It's likely the New Jersey judiciary's computer systems mistook IV Griner (a dog) for his owner, Barrett Griner IV (a human). The computer may have mistook the Roman numeral in the canine owner's name as the dog's name and mailed the summons, according to The Associated Press.
Griner has since cleared up the miscommunication, but who exactly can be selected for a jury?
Who Can Serve on a Jury?
The laws regarding jury selection vary by the state, but no matter what, it's highly unlikely that a dog would ever be allowed to serve as a jury member.
Here are some of the requirements for being a juror in New Jersey:
So it's clear that five-year-old illiterate dogs aren't qualified.
Jury Selection Mishaps
Sending a German shepherd a jury duty summons isn't the first time a court system sent out a wacky summons. In fact, a nine-year-old boy in Massachusetts once received a jury summons. Although the boy was originally excited to miss a day of school, like other potential jurors, he yelled "I don't want to go!" after his grandma told him what jury duty entailed.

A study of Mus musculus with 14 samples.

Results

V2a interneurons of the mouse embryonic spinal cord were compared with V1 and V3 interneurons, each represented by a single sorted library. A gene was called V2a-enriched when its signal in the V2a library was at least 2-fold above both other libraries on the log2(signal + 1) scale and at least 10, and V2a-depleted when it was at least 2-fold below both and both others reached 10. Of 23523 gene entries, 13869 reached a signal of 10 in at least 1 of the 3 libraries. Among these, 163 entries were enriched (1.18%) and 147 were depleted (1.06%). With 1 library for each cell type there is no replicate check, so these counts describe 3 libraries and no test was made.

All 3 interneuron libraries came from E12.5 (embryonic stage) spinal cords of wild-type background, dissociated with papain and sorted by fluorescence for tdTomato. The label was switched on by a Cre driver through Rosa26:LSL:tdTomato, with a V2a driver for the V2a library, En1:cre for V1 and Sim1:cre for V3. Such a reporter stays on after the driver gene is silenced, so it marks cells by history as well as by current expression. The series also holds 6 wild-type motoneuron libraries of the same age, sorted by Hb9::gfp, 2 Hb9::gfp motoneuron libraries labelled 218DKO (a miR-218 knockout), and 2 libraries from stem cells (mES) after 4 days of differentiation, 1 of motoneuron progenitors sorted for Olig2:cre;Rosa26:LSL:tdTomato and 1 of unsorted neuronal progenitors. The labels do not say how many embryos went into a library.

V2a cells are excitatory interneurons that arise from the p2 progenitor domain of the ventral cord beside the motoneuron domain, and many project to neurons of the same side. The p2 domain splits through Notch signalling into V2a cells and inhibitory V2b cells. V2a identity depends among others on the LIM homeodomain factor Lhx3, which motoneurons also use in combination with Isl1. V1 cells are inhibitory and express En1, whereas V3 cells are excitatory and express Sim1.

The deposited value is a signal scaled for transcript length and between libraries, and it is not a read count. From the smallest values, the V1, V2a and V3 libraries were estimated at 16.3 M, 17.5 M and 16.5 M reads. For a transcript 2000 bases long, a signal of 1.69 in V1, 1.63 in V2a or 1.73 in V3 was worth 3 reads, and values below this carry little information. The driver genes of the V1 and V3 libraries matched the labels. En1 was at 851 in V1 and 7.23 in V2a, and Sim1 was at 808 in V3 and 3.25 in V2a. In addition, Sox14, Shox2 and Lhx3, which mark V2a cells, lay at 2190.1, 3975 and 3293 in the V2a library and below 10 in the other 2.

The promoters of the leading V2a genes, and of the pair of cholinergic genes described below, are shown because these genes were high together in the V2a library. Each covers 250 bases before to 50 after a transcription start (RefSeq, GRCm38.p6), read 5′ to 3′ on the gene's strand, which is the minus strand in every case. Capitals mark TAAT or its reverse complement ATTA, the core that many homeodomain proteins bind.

Although Massachusetts requires jurors to be 18 years or older, it was good that the boy's father quickly cleared up the situation with the court. Parents who ignore multiple jury duty summons for underage kids or unqualified jurors may eventually have to prove their children's ages.
The same can probably said for dog owners. Even if it's painfully obvious that the person (or dog) the summons is made out to isn't allowed to serve on a jury, you should still notify the court of the error. Failure to respond or appear for jury duty could result in fines and jail time.
IV Griner could potentially have been the cutest juror ever, so it's too bad that a New Jersey court made an error in sending the canine a jury summons.